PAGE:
New boss for Master Builders
THE NEW boss of Master Builders in the Wide Bay and Burnett, representing some 320 members, is on a mission.
“I want to put some confidence back into the industry,” he said.
For Tony Mitchell, who worked on the Fraser Coast in the 1990s as a building inspector for the Queensland Building Services Authority, his new role as regional manager of the local Master Builders is a welcome homecoming.
“In light of the interest rate debacle of the last couple of weeks, confidence is down.
“I’m not one who relies on statewide figures because that’s very much a global view. But when you drill down a bit further and have a look at what’s happening in the actual region itself, you find that in the building approvals over the last few months there’s been a glimmer of hope.
“That’s indicative of this region having so many underlying benefits.
“We’re very special here and it’s showing in the figures.”
Mr Mitchell has been through three financial downturns in his careers with both the BSA and QMBA, the latter in Brisbane.
“I’ve only been back here a week but I’m finding that I’m getting a very mixed response when I ask people in the industry and in the market place how things are going,” he said.
“The industry has to be adaptable.
“One of the things with one of these cycle perspectives is it’s good to know you’ve actually reached the bottom. And I think we have.
“The benefits Australia has keeps the engine room going. People pick themselves up accordingly. They start to show a bit of initiative. Younger people are coming through.
“So the underlying commercial aspects keep continuing on even though the confidence might be down.”
The industry’s statutory insurance authority, the BSA, doesn’t offer a perfect system that covers all circumstances and individuals, but the present model compared to the other states served its purpose.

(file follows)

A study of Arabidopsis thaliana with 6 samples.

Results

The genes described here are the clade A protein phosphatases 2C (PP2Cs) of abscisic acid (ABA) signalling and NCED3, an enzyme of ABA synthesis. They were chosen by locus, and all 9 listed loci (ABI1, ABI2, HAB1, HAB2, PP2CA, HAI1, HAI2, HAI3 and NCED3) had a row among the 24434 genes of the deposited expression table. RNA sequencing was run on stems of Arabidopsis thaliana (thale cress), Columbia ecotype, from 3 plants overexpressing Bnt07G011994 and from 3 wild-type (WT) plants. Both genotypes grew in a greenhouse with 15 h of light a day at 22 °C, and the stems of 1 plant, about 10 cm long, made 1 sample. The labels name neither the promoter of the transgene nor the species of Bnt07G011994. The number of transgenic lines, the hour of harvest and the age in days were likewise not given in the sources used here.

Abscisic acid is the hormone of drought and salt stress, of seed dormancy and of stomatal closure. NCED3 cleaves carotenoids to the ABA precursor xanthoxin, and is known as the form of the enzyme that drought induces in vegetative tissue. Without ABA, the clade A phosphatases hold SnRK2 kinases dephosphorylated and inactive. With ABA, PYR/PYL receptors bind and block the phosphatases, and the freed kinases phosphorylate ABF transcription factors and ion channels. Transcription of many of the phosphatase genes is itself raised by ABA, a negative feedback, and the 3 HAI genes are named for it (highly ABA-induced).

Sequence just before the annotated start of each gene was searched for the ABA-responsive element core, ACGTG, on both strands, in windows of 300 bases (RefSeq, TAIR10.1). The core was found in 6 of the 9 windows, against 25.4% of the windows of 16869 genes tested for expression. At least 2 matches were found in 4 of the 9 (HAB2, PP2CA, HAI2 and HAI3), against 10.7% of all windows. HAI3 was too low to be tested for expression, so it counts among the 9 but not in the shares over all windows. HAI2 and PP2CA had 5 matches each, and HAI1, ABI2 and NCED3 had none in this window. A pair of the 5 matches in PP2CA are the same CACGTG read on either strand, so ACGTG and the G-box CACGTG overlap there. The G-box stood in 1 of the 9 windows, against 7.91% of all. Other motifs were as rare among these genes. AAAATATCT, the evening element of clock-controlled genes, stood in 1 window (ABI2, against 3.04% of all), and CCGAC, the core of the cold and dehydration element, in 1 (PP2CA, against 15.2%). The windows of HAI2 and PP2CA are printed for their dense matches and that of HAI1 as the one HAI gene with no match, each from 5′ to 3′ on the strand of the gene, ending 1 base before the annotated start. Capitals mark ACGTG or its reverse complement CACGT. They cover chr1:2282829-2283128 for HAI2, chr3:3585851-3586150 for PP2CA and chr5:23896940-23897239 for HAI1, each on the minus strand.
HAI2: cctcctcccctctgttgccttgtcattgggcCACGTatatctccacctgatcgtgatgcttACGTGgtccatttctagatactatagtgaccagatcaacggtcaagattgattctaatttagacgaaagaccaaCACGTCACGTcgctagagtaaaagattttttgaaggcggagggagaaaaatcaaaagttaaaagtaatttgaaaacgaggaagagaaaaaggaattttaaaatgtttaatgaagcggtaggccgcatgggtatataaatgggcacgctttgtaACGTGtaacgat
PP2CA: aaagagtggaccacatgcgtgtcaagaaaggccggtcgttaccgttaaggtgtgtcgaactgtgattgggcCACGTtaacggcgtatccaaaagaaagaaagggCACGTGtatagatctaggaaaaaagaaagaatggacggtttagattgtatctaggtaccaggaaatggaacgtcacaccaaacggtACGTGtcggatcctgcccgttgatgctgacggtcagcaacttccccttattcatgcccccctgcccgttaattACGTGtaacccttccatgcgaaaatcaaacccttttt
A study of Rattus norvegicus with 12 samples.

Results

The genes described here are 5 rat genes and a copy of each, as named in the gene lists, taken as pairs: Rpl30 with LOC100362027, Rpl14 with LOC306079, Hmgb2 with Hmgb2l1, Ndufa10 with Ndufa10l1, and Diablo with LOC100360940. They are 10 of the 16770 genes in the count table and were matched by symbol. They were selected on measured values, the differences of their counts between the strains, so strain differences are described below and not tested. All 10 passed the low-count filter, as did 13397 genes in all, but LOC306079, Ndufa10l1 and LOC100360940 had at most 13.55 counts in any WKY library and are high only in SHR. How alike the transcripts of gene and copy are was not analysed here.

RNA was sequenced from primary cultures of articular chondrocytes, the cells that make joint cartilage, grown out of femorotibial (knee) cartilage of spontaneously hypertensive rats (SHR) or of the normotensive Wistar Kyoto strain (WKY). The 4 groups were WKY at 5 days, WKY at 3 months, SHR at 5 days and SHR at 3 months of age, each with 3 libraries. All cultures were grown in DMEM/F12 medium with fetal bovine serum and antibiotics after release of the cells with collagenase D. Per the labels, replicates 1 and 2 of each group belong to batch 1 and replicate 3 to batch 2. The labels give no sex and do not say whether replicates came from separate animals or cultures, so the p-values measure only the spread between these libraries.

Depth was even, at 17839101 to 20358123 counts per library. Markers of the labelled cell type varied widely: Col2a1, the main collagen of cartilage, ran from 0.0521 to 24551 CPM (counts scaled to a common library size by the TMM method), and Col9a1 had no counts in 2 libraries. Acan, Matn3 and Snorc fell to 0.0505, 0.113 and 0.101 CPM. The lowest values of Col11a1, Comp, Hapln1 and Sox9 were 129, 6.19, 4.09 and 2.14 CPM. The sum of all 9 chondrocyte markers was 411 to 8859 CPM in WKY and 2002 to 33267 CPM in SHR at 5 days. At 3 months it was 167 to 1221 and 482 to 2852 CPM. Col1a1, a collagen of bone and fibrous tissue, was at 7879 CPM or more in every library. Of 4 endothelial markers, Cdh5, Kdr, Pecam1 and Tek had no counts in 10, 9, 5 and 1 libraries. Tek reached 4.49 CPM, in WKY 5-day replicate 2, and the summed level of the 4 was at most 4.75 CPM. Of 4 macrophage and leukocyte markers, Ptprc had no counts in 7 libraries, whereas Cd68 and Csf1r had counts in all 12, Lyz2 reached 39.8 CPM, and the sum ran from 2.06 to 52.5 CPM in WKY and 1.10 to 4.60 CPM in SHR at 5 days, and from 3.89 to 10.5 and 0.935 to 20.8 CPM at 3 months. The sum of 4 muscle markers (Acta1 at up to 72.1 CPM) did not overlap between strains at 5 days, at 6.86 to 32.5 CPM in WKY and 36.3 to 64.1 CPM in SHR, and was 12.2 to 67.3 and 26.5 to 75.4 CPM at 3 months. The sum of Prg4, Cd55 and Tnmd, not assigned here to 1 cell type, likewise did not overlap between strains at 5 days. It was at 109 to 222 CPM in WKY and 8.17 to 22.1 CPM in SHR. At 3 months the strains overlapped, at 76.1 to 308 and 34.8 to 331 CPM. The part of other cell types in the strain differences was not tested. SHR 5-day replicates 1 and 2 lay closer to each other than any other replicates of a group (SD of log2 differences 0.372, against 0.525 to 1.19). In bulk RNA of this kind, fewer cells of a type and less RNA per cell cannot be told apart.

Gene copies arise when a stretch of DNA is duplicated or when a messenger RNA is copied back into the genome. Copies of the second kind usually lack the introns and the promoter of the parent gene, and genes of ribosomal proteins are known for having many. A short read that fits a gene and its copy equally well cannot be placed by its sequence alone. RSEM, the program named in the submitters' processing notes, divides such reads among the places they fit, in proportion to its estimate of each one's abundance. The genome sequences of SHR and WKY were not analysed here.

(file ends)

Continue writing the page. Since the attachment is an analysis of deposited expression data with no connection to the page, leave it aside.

In his 11 years with the BSA he says he was privy to the emotions and heartache that he saw from both consumers and builders.
“There was also no doubt whatsoever there were some fairly unsavoury practices.”
Mr Mitchell says we need to consider the process and impact of our draft regional plan towards 2031.
“We need to ensure we have provisos in the plan that allow us to easily access the process to bring those things on line.
“In the past we’ve found historically that through regional plans and state planning policies, and with the requirements under the sustainability act, that individuals unknowingly force themselves into a corner.
“We need to decide clearly what we’re going to do when we get to that threshold and that we haven’t created a problem for ourselves naively. Let’s think beyond the next 20 years.”
With housing affordability a major ongoing factor, he warns that we may need to consider more small lot housing, but with clever building design and architecture so that it becomes aesthetically pleasing.
Tony says he and wife Toni will retire here.
“What better places can you have than the combination of the Heritage City and Hervey Bay beachside? It’s perfect.”
‘The benefits Australia has keeps the engine room going. People pick themselves up accordingly.’